Change jar spilling coins
Posted on March 29, 2023 by Amanda Whitely

Many clients opt to make charitable donations to further charitable intentions and to perhaps help reduce estate tax exposure in the process.  Charities often fulfill needs and perform work that the government does not otherwise provide, and supporting a charity can stretch one’s dollars further as charities can be more efficient with the contributions than the government. To this end, one of the things that helps keep a charity accountable is the organization’s tax return, which should be accessible by the public.  A tax return should disclose the organization’s income and donations and how they are allocated across the organization’s expenses, charitable purposes, and otherwise.  When donating to a charity, it is important to make sure: 1) the charity is vetted and poised to fulfill the donor’s charitable intent; 2) the appropriate asset is gifted to maximize estate planning objectives without compromising the amount donated to charity, and 3) the appropriate formalities are followed to effect charitable intent and to support taking a charitable deduction on a tax return.

Washington has its own estate tax regime in addition to the federal estate tax and it does not take many assets for a Washington resident to be subject to the Washington estate tax.  For example, appreciated real property combined with modest retirement savings and some life insurance can lead to a taxable estate. For 2023, the Washington estate tax exemption is $2,193,000.  If an estate exceeds the Washington exemption amount, the estate is taxable and subject to a graduated tax that begins at 10% and tops out at 20%. The federal amounts are much higher.  In 2023, the federal gift, estate, and generation skipping transfer tax exemptions are $12,920,000 per person (which is indexed for inflation and is expected to increase through 2025 before it is to be cut roughly in half beginning in 2026).  If an estate exceeds the federal exemption amount, the estate is also subject to a 40% estate tax.

One way to maximize the amounts left to heirs and to charity is to use a retirement account for charitable gifting.  This is because retirement accounts have income that would be taxable upon distributions to heirs.  If a retirement account is donated to charity, the charity does not pay income tax on the account because it is a tax-exempt organization.  This would create a deduction against estate taxes and prevent the imposition of income taxes for heirs. It could also allow for other assets without income taxes to be left to heirs. Understand that this is a general example and one should first consult with an estate planning professional before making any such bequests or designations.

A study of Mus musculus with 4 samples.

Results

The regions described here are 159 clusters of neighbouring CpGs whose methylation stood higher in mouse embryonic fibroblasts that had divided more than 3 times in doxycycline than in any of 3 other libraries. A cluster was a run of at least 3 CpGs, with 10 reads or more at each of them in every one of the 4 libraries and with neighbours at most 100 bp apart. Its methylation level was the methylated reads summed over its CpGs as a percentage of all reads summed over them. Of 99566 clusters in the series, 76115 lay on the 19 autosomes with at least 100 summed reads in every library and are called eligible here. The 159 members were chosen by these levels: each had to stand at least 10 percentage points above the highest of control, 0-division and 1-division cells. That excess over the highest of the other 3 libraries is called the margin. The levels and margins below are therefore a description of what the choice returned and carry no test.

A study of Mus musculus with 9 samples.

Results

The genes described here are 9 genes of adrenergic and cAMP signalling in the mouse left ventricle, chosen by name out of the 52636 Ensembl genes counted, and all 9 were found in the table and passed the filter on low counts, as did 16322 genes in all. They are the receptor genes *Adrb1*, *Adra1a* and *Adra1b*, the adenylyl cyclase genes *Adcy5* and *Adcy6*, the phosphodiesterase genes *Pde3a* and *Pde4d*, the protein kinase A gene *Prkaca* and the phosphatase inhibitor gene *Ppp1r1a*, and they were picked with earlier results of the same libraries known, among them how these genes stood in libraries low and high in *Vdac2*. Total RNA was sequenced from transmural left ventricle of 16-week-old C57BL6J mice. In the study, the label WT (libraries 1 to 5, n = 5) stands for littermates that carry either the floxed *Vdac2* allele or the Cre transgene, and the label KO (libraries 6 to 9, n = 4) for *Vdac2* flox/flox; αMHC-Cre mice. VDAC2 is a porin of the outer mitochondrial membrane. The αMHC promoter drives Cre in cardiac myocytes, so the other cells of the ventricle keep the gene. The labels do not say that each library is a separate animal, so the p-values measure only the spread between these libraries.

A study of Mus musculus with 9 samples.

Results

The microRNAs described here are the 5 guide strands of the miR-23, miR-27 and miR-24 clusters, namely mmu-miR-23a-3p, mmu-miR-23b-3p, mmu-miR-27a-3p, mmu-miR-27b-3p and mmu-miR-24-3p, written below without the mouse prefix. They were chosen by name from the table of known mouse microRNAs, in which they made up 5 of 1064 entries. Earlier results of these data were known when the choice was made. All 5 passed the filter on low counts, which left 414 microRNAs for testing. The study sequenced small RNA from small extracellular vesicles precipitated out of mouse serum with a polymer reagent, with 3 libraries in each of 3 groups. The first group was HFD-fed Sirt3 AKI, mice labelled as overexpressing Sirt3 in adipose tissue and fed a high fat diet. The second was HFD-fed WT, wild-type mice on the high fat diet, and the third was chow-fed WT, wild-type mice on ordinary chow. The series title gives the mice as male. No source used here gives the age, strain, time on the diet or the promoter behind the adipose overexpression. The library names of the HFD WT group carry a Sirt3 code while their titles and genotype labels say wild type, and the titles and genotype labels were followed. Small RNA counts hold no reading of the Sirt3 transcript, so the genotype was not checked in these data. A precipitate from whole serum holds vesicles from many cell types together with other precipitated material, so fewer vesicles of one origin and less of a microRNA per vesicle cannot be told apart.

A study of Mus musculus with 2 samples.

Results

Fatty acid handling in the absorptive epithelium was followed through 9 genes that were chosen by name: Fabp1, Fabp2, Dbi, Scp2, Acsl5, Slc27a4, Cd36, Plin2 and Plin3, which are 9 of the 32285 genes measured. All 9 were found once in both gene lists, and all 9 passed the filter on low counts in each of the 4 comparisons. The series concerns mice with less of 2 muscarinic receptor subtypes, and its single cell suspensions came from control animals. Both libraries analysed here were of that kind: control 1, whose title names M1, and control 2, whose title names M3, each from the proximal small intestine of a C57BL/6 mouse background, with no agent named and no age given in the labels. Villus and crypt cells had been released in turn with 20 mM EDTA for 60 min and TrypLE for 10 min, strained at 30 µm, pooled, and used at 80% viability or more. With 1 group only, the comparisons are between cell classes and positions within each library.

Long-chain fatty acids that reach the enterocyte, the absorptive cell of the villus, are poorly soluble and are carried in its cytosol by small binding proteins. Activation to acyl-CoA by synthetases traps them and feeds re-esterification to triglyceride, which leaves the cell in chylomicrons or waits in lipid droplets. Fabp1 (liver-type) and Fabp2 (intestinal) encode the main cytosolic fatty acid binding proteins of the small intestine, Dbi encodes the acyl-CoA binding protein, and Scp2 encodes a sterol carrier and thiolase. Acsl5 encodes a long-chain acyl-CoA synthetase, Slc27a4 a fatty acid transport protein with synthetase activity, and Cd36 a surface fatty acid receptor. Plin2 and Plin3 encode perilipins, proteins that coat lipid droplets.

It is important to ensure the organization qualifies as a charitable organization and that the donation is sufficiently documented to take a charitable deduction.  The Estate will need to submit evidence to establish its right to the deduction.  Additionally, the IRS has provided some flexibility for making charitable bequests by allowing deductions for contributions to a donor advised fund (the “DAF”).  However, there are a few rules and restrictions that should be reviewed and evaluated for this type of a bequest to be eligible for a deduction.

Subject to applicable limitations, the amount of a charitable deduction is generally the fair market value of the transferred property that is included the gross estate of the deceased donor.  If property is transferred to charity that is not included in one’s gross estate, the value of the donation is generally not includable in the amount of the charitable deduction.  Another benefit of a bequest to charity is the deduction is not subject to the percentage limitations that are applicable to charitable deductions for gifts made during life. For example, a decedent can give 100% of his or her assets to charity and receive the full deduction, whereas charitable deductions for gifts are generally limited to 50% (or higher for cash gifts and lower for other types of gifts) of the taxpayer’s adjusted gross income for the year of the donation.

The Estate Planning Attorneys at Lasher Holzapfel Sperry & Ebberson PLLC are available to help you formulate your philanthropic strategies and design an estate plan with your goals in mind.